At least 10 dead in shooting at French satirical weekly

At least 10 dead in shooting at French satirical weekly
Firefighters carry an injured man on a stretcher in front of the offices of the French satirical newspaper Charlie Hebdo in Paris on January 7, 2015, after armed gunmen stormed the offices leaving at least 10 dead.

PARIS - At least 10 people were killed when gunmen armed with Kalashnikovs and a rocket-launcher opened fire in the offices of French satirical weekly Charlie Hebdo on Wednesday, Paris prosecutors said.

"At this stage" ten people are dead, said the prosecutor's office, without detailing how many had been injured.

Deputy Mayor of Paris Bruno Julliard earlier said "six people are seriously injured", including a policeman.

It was not clear whether these now figured among the dead.

French President Francois Hollande was on his way to the scene of the shooting and called an emergency cabinet meeting, the presidency said.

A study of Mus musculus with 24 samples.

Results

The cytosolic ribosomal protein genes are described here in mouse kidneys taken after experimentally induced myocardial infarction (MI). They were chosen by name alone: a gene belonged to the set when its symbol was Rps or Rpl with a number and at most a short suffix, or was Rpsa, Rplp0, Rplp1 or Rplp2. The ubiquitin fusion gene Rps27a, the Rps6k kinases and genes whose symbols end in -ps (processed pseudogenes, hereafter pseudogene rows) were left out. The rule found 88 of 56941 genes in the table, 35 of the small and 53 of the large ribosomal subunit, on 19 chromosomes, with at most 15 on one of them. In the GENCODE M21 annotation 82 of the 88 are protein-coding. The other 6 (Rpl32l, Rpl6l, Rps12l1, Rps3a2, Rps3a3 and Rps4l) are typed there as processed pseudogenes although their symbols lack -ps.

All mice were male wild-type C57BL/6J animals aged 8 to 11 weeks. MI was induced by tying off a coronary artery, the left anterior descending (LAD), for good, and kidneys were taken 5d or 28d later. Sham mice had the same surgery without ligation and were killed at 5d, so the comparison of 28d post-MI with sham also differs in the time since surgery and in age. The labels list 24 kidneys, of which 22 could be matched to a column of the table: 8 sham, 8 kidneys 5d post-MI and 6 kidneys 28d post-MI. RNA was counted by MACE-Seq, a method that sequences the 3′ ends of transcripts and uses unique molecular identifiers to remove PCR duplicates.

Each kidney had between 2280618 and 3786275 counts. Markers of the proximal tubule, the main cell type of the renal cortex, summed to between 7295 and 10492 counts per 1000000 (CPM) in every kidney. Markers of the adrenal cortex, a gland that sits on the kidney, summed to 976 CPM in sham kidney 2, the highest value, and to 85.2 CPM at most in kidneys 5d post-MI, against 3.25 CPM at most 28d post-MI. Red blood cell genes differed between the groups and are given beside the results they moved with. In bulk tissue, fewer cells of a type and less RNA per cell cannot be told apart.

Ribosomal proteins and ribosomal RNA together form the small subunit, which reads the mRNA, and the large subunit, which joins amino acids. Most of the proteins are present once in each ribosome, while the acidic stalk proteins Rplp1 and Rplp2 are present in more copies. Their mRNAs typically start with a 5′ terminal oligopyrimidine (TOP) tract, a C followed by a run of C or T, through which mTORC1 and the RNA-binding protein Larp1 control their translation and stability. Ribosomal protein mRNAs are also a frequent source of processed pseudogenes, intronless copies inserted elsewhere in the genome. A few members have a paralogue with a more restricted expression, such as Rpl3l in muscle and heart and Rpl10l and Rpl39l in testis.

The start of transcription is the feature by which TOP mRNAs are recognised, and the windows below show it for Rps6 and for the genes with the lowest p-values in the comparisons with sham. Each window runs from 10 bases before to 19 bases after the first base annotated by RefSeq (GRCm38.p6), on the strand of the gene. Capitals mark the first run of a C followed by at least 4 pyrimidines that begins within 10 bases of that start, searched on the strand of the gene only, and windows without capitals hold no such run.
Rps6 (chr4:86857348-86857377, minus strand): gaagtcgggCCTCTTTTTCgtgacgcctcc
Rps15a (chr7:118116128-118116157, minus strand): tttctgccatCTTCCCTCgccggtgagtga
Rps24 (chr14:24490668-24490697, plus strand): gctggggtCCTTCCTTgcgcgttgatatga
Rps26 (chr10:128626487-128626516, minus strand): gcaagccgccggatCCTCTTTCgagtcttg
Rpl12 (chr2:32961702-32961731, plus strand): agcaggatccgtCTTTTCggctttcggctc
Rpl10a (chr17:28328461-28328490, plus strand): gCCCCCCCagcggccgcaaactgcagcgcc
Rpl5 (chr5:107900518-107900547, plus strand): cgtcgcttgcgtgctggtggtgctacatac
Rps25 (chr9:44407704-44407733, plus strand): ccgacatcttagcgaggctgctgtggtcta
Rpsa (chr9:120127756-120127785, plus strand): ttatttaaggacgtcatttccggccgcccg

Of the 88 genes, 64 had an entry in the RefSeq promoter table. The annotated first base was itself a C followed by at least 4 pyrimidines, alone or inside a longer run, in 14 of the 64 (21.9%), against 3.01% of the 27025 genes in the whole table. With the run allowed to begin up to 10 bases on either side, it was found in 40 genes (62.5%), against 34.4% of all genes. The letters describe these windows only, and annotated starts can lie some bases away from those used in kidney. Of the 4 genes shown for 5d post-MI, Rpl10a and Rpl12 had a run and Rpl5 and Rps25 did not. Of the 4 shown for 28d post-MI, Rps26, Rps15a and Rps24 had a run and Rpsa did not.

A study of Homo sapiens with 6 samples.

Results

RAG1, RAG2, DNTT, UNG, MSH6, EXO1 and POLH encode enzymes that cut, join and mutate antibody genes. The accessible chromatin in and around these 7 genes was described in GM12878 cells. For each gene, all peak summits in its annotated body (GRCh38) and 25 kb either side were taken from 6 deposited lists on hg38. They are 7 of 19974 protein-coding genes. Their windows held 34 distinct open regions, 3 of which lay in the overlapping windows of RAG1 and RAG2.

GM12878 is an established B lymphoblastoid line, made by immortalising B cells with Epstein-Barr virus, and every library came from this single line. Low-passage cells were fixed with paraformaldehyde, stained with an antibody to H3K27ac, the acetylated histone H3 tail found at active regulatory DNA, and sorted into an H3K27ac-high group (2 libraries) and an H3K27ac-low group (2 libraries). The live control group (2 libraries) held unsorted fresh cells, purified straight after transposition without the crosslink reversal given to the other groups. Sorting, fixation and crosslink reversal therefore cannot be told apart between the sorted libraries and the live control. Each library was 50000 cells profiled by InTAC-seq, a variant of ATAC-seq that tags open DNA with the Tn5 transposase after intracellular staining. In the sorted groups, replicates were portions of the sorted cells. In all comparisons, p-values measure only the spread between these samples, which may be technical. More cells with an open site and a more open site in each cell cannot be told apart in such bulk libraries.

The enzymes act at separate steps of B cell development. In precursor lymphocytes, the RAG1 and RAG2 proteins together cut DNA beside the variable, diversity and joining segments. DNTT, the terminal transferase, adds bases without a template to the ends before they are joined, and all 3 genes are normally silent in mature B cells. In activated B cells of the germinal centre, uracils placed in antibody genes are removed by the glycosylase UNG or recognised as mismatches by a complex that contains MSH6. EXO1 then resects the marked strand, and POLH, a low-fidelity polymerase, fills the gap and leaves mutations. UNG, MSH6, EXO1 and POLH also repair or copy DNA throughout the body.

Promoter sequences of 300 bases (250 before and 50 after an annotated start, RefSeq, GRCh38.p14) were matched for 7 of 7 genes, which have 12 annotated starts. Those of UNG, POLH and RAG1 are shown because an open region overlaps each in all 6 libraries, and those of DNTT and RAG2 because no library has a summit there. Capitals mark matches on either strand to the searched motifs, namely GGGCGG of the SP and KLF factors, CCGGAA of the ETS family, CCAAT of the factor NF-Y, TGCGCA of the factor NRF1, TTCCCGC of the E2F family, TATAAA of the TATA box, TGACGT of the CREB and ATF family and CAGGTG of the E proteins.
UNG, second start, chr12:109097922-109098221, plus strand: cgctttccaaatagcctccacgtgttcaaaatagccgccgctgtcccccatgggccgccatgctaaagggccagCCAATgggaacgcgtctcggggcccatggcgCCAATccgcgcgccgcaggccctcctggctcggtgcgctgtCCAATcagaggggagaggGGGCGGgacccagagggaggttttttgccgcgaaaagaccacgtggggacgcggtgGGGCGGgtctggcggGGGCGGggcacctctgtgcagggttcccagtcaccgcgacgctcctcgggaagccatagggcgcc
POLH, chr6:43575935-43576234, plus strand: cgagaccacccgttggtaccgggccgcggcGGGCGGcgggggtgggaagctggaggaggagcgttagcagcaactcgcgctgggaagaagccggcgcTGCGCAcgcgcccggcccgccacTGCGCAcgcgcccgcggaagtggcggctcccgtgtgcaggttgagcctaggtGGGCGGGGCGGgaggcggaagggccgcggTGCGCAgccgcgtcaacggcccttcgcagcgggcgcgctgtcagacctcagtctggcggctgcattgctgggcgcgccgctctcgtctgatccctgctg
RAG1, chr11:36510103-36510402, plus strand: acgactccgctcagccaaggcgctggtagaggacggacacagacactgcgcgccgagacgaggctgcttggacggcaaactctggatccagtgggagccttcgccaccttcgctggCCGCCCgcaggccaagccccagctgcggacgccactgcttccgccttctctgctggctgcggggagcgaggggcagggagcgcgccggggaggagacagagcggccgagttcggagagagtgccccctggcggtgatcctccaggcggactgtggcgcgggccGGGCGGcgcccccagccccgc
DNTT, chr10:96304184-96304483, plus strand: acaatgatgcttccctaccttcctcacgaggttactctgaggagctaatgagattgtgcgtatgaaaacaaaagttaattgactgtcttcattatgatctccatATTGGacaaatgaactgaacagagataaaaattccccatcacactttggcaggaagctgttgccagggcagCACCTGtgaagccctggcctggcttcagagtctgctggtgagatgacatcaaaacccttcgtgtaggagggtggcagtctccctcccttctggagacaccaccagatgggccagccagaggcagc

A source close to the investigation said two men "armed with a Kalashnikov and a rocket-launcher" stormed the building in central Paris and "fire was exchanged with security forces."

The source said gunmen had hijacked a car and knocked over a pedestrian as he sped away. The publication's cartoonist Renaud Luzier earlier told AFP there were "casualties" after the incident.

The satirical magazine gained notoriety in February 2006 when it reprinted cartoons of the Prophet Mohammed that had originally appeared in Danish daily Jyllands-Posten, causing fury across the Muslim world.

Its offices were fire-bombed in November 2011 when it published a cartoon of Mohammed and under the title "Charia Hebdo".

Despite being taken to court under anti-racism laws, the magazine continued to publish controversial cartoons of the Muslim prophet.

In September 2012 Charlie Hebdo published cartoons of a naked Mohammed as violent protests were taking place in several countries over a low-budget film, titled "Innocence of Muslims", which was made in the United States and insulted the prophet.

French schools, consulates and cultural centres in 20 Muslim countries were briefly closed along with embassies for fear of retaliatory attacks.

Editor Stephane Charbonnier has received death threats and lives under police protection.